The “Heart of Neolithic Orkney,” this impressive cairn is an archaeological treasure both because it is so well preserved and because it is so well vandalized.
Maeshowe is a Neolithic passage grave and chamber cairn in the Orkney Islands north of Scotland. It was built around 3000 BCE and is aligned in various ways with other Neolithic sites in the Orkneys; the entrance to the Barnhouse settlement directly faces Maeshowe, the entrance of which points to the Barnhouse Stone. Additionally, there is a stone “gate” which frames the cairn when viewed from the nearby Stones of Stenness. The narrow passage of Maeshowe also aligns with the rear wall of the inner chamber and the opening of the rear side chamber so that it is illuminated by the last, red rays of the setting sun on the winter solstice.
Standing 25-feet tall and about 120 feet in diameter with a three-foot square entrance, Maeshowe has a large, 13-foot-tall central chamber with three smaller side chambers. These side chambers, really no more than alcoves in the walls, probably once contained the burial remains and goods, but they were sacked whenever their seal stones were initially removed. The lower parts of the walls of these chambers (and the entrance passage) are constructed from large, flat flagstones weighing up to 30 tons, and the roof structure is supported by massive buttresses at each corner. As the cairn itself is surrounded by an earthen ring and there is evidence that Maeshowe was built over a pre-existing site, a popular theory as to its construction is that many of the stones used to build it were actually part of an earlier standing stones site at that location. Since the man-hours required to make Maeshowe are estimated at up to 100,000 hours, and it is significantly more impressive than slightly earlier structures, it is also believed that this is a sign that the simple village-dwelling Neolithic peoples had begun to develop a class system or an “elite” caste had emerged.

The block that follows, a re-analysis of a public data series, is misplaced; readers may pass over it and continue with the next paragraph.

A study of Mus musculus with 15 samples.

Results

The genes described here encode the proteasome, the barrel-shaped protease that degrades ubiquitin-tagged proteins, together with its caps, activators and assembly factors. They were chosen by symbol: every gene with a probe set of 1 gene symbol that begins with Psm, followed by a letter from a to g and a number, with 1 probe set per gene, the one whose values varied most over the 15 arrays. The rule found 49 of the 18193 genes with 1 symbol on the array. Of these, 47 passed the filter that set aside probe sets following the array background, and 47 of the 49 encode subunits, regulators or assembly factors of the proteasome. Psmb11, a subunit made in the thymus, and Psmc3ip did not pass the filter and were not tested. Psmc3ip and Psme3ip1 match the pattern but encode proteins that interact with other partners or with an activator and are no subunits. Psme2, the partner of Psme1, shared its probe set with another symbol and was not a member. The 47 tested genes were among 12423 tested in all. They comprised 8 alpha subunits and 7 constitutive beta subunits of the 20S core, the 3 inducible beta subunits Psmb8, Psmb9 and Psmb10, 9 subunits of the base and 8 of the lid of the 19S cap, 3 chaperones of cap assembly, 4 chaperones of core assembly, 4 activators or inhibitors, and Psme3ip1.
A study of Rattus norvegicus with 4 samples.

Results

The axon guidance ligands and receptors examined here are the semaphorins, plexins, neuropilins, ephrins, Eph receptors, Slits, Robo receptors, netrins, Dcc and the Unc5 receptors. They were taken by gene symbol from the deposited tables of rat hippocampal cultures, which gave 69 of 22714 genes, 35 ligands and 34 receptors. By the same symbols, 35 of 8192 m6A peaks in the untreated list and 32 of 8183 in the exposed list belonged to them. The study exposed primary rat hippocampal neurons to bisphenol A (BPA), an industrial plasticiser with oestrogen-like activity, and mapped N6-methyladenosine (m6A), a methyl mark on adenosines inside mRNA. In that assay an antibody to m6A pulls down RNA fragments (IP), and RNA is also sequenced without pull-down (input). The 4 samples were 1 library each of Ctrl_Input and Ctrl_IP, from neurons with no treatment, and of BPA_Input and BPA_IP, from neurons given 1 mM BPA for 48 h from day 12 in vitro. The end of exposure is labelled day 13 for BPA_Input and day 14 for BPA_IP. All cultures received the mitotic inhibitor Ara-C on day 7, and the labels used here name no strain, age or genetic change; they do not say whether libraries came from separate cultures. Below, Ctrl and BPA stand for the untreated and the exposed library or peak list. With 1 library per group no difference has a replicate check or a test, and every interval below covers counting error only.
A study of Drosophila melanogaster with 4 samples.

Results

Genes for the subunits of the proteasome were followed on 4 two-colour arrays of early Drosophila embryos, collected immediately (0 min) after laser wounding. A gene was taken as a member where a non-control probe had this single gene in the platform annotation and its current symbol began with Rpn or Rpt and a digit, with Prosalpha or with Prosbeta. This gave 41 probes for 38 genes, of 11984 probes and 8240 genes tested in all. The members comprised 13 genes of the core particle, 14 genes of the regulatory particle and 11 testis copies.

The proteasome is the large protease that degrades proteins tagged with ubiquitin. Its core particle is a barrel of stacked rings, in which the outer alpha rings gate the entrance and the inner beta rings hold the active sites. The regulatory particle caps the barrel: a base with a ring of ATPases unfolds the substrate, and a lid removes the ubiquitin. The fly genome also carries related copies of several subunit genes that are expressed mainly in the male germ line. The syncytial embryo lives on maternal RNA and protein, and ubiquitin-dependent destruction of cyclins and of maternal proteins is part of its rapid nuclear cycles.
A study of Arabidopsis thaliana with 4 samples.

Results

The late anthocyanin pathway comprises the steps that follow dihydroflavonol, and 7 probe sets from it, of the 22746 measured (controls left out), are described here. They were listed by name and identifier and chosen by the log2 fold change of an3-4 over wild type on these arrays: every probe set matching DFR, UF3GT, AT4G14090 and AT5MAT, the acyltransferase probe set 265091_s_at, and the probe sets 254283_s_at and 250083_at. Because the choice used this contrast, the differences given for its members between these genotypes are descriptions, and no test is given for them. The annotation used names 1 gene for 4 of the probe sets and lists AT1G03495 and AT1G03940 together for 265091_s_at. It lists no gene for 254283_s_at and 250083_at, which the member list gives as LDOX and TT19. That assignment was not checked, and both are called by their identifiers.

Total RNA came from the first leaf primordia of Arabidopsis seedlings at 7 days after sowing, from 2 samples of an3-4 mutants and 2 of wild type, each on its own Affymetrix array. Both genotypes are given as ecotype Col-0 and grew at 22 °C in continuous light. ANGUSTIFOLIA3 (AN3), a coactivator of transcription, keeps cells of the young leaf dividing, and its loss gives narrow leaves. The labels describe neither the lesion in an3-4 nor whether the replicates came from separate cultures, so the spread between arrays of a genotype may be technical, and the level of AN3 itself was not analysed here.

While Maeshowe is famous for being astonishingly well built and preserved (no thanks to modern discoverer and notably dubious excavator James Farrer, who tried to enter through the top of the structure and collapsed the roof) passage grave, it is equally important and renowned for its vandalization. In the 12th century, the tomb was looted by the vikings Earl Harald Haddadarson and Earl Ragnvald of Møre. They left behind something far more valuable than anything they might have taken, however; more than 30 runic inscriptions (the largest collection in the world) were made in the central chamber. Although it is one of the earliest known instances of graffiti, not much actual knowledge is contained in these carvings except for the identities of their authors, as many of the (less vulgar) messages literally read “[insert name] was here.” They proved to be instrumental in the decoding of the runic language, however, as not nearly so many inscriptions had ever been found together in context.
Know Before You Go
At the corner of the A965 and Stoneyhill Rd. A visitor center is just across the street.